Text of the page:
The New Rulers Of The World

“A small group of powerful individuals are now richer than most of the population of Africa. Just 200 giant corporations dominate a quarter of the world’s economic activity... The famous brands of almost everything from running shoes to baby clothes are now made in very poor countries with cheap labour, at times bordering on a form of slave labour.”

Globalisation had become a topical subject by the time The New Rulers of the World was screened. More than a million people opposed to the increasing gap between rich and poor, at a time when the control of resources was becoming centred in fewer and fewer hands, had staged a series of anti-capitalist demonstrations.

John Pilger’s documentary on globalisation brings together several of the themes that run throughout his work – the way in which superpowers use small countries as pawns in their global strategies, the courting of dictators by the West to open the doors to valuable resources and the exploitation of workers in those countries to provide riches in which they do not share. 

The New Rulers of the World puts the story of multinationals’ global domination into a political context and demonstrates how the West has increased its stranglehold on poor countries by using the might of the IMF, World Bank and World Trade Organization to control their economies. 

Through secret filming, Pilger shows how cheap labour in an Indonesian sweatshop produces goods such as Nike, Adidas, Gap and Reebok running shoes that are sold for up to 250 times the amount received by workers, about 72p a day. Almost 70 million Indonesians live in extreme poverty, many in labour camps housing the workers, where children are under-nourished and prone to disease. Inside the sweatshops, mostly young women are crowded together under the glare of strip lighting in temperatures of up to 40°C, some doing 24-hour shifts.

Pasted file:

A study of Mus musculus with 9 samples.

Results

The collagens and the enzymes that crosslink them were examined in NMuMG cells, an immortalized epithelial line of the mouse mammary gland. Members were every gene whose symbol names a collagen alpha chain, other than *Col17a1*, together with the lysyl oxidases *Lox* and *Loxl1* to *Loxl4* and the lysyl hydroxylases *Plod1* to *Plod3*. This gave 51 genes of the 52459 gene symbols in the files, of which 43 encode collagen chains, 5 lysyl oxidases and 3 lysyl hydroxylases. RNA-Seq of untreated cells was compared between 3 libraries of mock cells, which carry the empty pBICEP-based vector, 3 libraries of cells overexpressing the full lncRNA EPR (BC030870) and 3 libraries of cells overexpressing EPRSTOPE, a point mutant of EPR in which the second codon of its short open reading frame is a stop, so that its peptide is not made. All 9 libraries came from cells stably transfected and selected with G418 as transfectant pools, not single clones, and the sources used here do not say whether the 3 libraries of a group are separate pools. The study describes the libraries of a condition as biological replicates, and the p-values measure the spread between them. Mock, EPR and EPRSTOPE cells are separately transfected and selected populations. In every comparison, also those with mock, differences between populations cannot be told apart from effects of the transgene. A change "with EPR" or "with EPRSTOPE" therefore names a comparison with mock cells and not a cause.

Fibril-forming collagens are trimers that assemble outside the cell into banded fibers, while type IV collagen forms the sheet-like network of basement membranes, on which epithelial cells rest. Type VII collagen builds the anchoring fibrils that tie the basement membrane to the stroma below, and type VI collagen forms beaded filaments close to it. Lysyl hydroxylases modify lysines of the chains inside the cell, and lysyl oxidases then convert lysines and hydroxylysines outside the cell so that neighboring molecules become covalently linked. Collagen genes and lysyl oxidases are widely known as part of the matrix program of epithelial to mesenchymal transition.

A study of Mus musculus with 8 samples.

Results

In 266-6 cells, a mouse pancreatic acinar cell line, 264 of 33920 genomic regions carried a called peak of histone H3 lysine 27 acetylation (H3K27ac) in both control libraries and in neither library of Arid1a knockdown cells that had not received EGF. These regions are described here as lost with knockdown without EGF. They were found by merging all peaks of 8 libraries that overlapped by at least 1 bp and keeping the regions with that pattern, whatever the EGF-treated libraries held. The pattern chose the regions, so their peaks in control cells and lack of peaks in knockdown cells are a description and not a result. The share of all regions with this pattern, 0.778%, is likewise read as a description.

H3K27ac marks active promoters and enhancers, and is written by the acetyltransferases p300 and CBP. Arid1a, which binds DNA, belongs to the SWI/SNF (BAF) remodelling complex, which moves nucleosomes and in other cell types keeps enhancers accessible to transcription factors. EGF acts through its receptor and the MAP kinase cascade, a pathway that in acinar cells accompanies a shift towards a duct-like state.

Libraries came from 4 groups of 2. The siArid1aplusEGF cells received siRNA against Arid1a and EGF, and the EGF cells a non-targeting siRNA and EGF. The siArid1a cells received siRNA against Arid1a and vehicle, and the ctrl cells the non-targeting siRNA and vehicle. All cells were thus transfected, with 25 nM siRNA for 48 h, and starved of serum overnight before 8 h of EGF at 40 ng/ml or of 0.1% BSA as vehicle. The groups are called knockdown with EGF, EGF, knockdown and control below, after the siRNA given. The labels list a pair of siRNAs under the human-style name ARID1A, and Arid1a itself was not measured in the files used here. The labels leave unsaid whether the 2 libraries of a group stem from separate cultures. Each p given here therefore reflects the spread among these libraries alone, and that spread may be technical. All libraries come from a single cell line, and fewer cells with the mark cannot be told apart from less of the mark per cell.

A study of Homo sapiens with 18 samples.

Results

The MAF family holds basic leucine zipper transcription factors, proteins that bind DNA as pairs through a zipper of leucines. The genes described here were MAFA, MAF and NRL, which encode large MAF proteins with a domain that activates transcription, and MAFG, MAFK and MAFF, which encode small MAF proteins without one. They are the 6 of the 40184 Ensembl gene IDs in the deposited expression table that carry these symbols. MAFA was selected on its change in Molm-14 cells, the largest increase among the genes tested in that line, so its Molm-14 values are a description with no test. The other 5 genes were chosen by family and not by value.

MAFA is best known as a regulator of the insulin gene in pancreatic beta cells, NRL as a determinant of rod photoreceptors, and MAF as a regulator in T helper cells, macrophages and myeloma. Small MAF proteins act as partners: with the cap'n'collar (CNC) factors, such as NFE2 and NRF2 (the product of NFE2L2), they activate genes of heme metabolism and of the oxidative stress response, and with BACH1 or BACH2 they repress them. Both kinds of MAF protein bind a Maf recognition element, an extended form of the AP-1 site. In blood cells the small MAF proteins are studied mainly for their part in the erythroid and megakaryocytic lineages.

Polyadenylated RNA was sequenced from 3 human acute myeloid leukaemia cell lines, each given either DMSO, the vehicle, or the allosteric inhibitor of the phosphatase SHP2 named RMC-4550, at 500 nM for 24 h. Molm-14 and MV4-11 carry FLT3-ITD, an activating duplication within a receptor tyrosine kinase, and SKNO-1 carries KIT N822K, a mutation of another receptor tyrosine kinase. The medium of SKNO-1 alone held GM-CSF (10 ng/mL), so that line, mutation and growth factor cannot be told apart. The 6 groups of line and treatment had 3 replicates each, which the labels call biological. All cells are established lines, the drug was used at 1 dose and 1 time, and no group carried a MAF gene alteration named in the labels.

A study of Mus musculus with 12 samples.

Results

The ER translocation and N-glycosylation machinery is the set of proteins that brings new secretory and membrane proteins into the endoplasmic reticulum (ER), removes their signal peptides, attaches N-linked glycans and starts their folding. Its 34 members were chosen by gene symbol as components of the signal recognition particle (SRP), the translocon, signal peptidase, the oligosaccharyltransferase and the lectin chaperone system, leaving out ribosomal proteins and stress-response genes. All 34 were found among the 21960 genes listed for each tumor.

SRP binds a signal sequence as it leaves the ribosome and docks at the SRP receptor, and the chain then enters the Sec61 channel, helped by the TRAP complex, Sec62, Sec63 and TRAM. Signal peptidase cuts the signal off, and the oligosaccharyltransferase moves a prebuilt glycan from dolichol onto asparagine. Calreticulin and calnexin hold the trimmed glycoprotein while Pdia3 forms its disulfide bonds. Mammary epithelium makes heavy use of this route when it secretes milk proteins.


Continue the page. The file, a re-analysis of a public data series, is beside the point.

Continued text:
Observing the parallel between modern-day globalisation and old-world imperialism, Pilger recalls that Indonesia has been “plundered by the West for hundreds of years”. Globalisation in Asia began in Indonesia, where Western governments backed dictator General Suharto after he seized power in the mid-1960s. “Within a year of the bloodbath,” says Pilger, “Indonesia’s economy was effectively redesigned in America, giving the West access to vast mineral wealth, markets and cheap labour – what President Nixon called the greatest prize in Asia.” In 1997, the World Bank had called the country a “model pupil” of the global economy.

The IMF’s first deputy managing director, Stanley Fischer, tells Pilger that complete debt cancellation is not the only means of relieving poverty around the world – governments should be willing to integrate with Western economies. Meanwhle, Barry Coates, of the World Development Movement, suggests that consumers should put pressure on retailers and manufacturers to provide information on the source of products and give assurances about the conditions under which they are produced.

Pilger concludes with his own prescription: “Why not abolish the World Bank and the IMF and the World Trade Organization, and replace them with genuine trade and development institutions that are democratically accountable? And why not cancel a debt that condemns nations like Indonesia to poverty and disease?”

The New Rulers of the World (Carlton Television), ITV1, 18 July 2001

Director: Alan Lowery; producer: John Pilger (54 mins

Awards: Gran Prix Leonardo Award, 2003; Certificate of Merit, Chicago International Television Awards, 2003.